This Is What Love In Action Looks Like
In 2005, a 16-year-old named Zach Stark came out to his parents as gay. Their response was to ship him off to Refuge, a program run by "ex-gay" group Love In Action, a Christian fundamentalist organization that formed in 1973, the same year that the American Psychological Association declared that being gay is not a mental pathology.
For unwilling teens to be subjected to "ex-gay" programs that fill them with shame and feart, we hear in the course of Morgan John Fox’s documentary "This Is What Love In Action Looks Like," is completely unacceptable. Zach began a blog about his time at Refuge, calling it "boot camp, but worse," and saying that he was, by turns, "depressed," "worried," and "numb." His blog sparked protests outside the facility, the media got wind of the story, and suddenly the issue became a global controversy: Just how far do parental rights extend? To what extent can faith-based choices that non-gay people make on behalf of gays, many of them restrictive and controlling, be justified by personal faith?
Love In Action’s approach to "curing" gays was profoundly wrongheaded. Their approach was to treat their clients like addicts and impose top-down, external change in the hope of altering the innate sexual and romantic feelings of men and women who are attracted to others of the same gender. The "treatments" they devised included bizarre psychological torments and incredibly Draconian restrictions. Some of those restrictions, such as not letting people wear clothing by Calvin Klein, or listen to show tunes, would be laughable if they weren’t so shockingly rooted in stereotypes of limp-wristed, lisping men prancing around and chattering excitedly about Judy Garland. Then there was the housing situation: When four guys were assigned to a room with only two beds and "things happened," the counselors seemed shocked and aggrieved. But, it seems fair to ask, what were they thinking?
All unintentional humor aside, this is no laughing matter: The results include not only the inevitable failure of such programs to help most gays, but deep and lasting harm that drives some gays to such depths of despair that they kill themselves. Playwright Toscano Peterson speaks movingly about the suicide of a friend and his own time in the program (it only prolonged his suffering; the only "cure" he needed was relief from the closet, and having come out he’s now fine).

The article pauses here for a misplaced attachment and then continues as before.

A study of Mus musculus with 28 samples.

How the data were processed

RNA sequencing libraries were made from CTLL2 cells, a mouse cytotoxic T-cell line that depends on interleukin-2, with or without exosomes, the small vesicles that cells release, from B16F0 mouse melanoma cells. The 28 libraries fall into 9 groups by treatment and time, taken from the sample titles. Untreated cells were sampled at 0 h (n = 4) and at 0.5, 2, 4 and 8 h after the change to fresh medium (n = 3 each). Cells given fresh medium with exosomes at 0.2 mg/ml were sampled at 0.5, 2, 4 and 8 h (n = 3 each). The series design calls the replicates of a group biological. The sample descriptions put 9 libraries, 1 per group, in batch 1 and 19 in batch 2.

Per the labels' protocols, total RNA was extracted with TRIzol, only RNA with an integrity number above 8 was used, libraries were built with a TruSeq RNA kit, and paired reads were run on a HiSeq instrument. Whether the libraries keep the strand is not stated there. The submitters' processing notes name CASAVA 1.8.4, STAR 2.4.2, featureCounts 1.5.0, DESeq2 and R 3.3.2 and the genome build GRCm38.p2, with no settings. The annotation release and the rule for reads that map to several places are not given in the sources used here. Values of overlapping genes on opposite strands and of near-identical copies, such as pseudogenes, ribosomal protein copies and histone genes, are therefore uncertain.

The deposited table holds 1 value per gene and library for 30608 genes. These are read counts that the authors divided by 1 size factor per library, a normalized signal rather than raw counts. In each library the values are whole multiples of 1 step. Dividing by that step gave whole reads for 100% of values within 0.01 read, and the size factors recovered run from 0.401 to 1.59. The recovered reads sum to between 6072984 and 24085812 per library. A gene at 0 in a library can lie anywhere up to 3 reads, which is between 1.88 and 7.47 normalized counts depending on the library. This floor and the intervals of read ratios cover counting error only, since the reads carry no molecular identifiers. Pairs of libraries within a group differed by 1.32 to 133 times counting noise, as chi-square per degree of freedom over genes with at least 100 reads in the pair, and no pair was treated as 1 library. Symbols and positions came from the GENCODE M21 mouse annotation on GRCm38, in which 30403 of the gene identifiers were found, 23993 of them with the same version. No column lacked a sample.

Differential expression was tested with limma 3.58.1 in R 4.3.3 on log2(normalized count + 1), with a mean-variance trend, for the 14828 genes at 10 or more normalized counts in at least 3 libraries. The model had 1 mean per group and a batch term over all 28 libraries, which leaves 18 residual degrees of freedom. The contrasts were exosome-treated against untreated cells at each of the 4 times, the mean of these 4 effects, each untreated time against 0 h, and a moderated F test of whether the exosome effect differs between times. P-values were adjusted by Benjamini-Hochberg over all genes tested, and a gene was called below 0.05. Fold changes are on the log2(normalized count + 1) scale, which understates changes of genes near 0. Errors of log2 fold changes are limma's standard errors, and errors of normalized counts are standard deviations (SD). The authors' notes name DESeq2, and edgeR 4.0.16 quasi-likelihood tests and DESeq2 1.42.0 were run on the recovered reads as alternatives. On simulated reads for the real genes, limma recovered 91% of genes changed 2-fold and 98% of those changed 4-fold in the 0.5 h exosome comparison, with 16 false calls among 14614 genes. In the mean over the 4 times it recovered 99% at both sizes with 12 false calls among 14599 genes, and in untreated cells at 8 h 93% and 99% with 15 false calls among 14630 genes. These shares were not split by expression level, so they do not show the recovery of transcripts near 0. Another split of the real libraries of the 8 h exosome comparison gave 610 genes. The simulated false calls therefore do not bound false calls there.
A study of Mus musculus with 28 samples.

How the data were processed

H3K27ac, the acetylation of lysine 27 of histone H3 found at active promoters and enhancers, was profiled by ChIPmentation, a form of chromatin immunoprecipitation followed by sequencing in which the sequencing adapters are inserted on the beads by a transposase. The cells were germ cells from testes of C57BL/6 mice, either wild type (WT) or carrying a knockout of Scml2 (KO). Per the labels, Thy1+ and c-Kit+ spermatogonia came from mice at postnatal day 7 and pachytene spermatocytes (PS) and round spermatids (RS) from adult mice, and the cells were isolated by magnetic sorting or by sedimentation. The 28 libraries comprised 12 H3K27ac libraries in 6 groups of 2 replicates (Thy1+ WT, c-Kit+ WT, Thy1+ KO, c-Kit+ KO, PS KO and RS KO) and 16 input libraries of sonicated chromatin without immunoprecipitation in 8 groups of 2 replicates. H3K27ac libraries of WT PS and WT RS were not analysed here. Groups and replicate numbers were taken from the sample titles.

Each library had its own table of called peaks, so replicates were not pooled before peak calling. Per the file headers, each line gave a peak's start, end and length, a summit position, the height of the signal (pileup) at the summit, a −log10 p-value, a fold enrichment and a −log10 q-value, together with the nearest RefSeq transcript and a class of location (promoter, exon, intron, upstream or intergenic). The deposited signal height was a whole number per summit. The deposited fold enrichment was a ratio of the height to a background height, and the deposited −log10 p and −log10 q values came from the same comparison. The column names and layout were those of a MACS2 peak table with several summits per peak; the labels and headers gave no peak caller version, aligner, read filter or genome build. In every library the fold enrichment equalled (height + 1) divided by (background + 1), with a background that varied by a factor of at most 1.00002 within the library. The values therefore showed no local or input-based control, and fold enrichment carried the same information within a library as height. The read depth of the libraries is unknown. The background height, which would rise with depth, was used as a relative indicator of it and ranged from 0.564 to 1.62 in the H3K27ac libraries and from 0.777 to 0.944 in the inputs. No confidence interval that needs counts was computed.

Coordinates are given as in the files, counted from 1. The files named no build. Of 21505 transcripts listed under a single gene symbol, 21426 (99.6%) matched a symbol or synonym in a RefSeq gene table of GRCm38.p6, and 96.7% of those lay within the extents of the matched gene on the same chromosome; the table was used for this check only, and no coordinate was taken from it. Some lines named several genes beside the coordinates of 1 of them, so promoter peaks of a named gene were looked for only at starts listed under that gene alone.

This is a film that anyone even glancingly concerned with such issues absolutely must see if they are to consider themselves informed. One of the most important elements of the documentary is the participation of former Love In Action Executive Director John Smid, who became so conscience-stricken over the way the programs like Refuge treat gay people that he resigned. Now Smid says that programs like Refuge don’t turn anybody straight. Indeed, Smid no longer seeks to "cure" anybody; rather, he focuses on ministering to the GLBT community without trying to turn them into part of the heterosexual majority.
There is a happy ending to Zach’s story. The young man, now in college, appears in the film, and he seems like any happy, normal young man. He’s also involved in the campus LGBTQ group. But there’s also a note of warning here: Love In Action eventually shut down Refuge in the face of a growing outcry over the practice of "shaming kids," but Exodus International has taken up the slack and now aims its message of faux salvation at kids as young as 12.
The DVD release offers several worthwhile Special Features. The sweetest among them is a clip showing Fox proposing on stage to his partner, Declan; the most informative is a video of a panel discussion that includes Fox, film editor and fellow activist E. J. Friedman, Smid, and others. Smid in particular has a chance to shine here, speaking about trying to make amends to the GLBT community. There’s also a photo gallery and theatrical trailer.